On Thursday morning, President Donald Trump claimed a taped interview with NBC’s Lester Holt in 2017 was somehow doctored to make him look bad.
As part of a broader attack on the so-called “fake news,” Trump tweeted this: “When Lester Holt got caught fudging my tape on Russia, they were hurt badly!.”
The reference is to a May 2017 interview between Trump and Holt in the days following Trump’s firing of FBI Director James Comey. The Trump White House has insisted that Comey was let go because of a memo penned by Deputy Attorney General Rod Rosenstein laying out the various ways that the then-FBI director violated bureau policy with the way he acted during the 2016 election between Trump and Hillary Clinton.
Which is why it’s notable that Trump said this under questioning from Holt:
TRUMP: “Oh, I was gonna fire regardless of recommendation –”
HOLT: “So there was –”
TRUMP: “He made – he made a recommendation, he’s highly respected, very good guy, very smart guy, uh, the Democrats like him, the Republicans like him, uh, he made a recommendation, but regardless of recommendation, I was going to fire Comey, knowing there was no good time to do it. And in fact when I decided to just do it, I said to myself, I said, you know, this Russia thing with Trump and Russia is a made up story.”
It’s not clear what Trump is alleging about NBC and the tape of his interview – which is, of course, intentional. Saying that the news network was “fudging” the tape is vague enough that the conspiracy theorists who want to believe Trump is “onto something” can do so. If Trump was forced to make an actual allegation about how NBC actually changed the tape [narrator voice: they didn’t] the ridiculousness of his assertion would be plainly on display for all to see.
Then, use your rational brain. And ask your brain these questions:
1) Would NBC really risk its credibility by “fudging” a taped interview between the President of the United States and its lead nightly news anchor?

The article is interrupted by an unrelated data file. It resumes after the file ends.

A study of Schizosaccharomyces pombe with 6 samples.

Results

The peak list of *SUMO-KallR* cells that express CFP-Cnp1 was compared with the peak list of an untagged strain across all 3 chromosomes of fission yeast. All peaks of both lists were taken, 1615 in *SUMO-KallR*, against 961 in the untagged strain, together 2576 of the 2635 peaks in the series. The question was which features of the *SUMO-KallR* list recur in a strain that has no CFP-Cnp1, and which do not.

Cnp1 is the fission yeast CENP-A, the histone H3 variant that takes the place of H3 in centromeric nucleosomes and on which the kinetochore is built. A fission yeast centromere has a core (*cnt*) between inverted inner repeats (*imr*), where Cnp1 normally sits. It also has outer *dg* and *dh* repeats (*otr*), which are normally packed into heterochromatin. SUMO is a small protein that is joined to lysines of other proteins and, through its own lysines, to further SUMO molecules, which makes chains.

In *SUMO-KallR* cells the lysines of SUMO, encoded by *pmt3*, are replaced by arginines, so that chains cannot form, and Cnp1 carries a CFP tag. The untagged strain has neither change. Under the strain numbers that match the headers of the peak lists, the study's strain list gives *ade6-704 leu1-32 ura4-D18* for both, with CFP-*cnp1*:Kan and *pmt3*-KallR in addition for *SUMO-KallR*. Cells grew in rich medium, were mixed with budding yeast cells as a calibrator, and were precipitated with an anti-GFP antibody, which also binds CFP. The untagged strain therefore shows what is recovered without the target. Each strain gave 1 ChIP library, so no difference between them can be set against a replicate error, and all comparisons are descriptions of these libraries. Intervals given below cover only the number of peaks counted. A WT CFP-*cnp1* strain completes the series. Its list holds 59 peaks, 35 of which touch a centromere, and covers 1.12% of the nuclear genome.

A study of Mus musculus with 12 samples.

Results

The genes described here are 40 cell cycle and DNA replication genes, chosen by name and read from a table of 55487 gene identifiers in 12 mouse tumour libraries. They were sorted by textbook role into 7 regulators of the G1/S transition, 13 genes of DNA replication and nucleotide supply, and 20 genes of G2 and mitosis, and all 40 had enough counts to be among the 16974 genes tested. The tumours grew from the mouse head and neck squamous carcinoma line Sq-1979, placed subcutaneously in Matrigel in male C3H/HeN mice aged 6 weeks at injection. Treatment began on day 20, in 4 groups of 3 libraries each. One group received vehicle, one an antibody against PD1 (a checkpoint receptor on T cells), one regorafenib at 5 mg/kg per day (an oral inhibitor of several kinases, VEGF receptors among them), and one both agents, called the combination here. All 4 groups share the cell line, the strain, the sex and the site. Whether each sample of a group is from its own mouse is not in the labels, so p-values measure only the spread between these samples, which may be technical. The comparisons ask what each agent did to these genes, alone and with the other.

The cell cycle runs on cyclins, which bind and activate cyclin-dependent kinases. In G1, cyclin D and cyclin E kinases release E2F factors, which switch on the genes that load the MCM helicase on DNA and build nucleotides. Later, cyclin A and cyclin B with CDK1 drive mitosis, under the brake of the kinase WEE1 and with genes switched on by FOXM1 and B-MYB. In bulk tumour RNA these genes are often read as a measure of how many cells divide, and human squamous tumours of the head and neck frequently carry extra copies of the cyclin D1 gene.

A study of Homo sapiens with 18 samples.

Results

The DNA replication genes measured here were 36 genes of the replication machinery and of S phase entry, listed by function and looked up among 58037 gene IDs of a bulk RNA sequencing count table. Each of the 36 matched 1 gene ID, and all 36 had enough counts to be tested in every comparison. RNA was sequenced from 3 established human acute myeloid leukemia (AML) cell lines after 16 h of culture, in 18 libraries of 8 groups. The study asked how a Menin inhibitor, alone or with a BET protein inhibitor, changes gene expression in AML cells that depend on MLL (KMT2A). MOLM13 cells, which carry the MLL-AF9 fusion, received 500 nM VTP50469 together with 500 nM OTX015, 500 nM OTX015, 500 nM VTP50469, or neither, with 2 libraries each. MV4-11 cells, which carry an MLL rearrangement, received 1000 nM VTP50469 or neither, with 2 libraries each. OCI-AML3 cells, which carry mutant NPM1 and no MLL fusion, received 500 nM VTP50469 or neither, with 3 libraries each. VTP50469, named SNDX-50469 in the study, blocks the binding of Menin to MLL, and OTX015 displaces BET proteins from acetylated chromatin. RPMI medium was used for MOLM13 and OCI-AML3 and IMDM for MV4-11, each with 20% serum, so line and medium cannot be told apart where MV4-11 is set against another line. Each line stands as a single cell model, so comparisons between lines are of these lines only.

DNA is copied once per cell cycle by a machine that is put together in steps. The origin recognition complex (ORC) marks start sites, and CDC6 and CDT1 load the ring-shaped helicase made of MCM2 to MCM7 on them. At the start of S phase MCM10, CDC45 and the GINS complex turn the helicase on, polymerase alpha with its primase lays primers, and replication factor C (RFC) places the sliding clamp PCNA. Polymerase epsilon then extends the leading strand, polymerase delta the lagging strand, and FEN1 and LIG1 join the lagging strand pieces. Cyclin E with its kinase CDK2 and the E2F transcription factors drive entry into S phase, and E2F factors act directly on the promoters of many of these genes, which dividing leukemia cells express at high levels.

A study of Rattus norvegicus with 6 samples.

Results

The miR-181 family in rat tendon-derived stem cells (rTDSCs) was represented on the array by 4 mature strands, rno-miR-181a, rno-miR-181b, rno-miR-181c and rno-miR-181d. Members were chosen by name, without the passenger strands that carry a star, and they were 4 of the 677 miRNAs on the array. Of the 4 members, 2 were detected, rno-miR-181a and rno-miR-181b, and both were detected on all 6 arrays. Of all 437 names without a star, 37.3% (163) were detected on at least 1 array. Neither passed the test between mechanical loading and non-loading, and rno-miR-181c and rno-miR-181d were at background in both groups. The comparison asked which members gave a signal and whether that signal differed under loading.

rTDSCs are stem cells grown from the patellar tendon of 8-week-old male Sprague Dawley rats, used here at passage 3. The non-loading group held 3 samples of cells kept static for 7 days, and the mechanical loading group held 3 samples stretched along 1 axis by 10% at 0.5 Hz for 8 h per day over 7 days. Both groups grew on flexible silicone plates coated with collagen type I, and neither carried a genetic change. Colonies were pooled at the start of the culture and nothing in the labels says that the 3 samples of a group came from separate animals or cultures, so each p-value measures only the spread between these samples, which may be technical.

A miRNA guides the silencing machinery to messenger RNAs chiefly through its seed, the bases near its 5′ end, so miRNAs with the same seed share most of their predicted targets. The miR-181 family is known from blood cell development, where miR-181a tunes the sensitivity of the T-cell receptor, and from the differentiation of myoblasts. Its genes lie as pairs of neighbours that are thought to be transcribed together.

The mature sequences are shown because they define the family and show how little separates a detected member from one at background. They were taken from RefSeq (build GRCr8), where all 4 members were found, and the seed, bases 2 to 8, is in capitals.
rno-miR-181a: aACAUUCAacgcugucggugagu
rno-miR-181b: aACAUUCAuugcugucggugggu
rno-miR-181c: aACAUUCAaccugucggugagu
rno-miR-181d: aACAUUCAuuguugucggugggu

2) If Trump had actual evidence (he doesn’t) of a major broadcast network changing the nature of an answer he gave on something as consequential as the firing of Comey, why would he wait for 15 months to break that news? (He wouldn’t, of course.)
What Trump is doing here with NBC isn’t new. Remember that more than a year after the release of the “Access Hollywood” tape in which he was heard making a series of inappropriate remarks about women, Trump told at least one senator that he wasn’t sure it was even his voice on that tape. (Worth remembering: He apologized for using “locker room” language in the tape when it was initially revealed.)
This is all of a piece with Trump’s famous/infamous remark in a VFW speech last month in Kansas City: “Stick with us. Don’t believe the crap you see from these people, the fake news. … What you’re seeing and what you’re reading is not what’s happening.”
That is a truly remarkable statement. It’s almost as if Trump, having convinced his supporters that everyone but him is a liar, is now trying to push the envelope even further: To persuade them that what they see and hear with their own eyes and ears isn’t true.
What else could explain an attempt to discredit actual video evidence? Video/audio of you saying or doing things feels like the last frontier in Trump’s assault on truth. It seems insane to argue that what you can see and hear is wrong or has been doctored in some meaningful way. It seems doubly insane to make that case when you offer zero proof other than vague references to how the tape was changed.
And yet, here we are. This is what happens when you elect someone whose entire political reason for being began in a conspiracy theory about President Barack Obama not being born in the United States. And when you allow someone to substitute opinions for facts. And when you stop believing that there is even such a thing as objective truth or non-alternative facts.
Questioning the legitimacy of video proof of his own mistakes is the logical next step of the weaponizing of untruth that Trump has pursued since he became a candidate for president in 2015. (And, in truth, long before he was an actual, announced candidate for president.) No one should be surprised. Everyone should be concerned.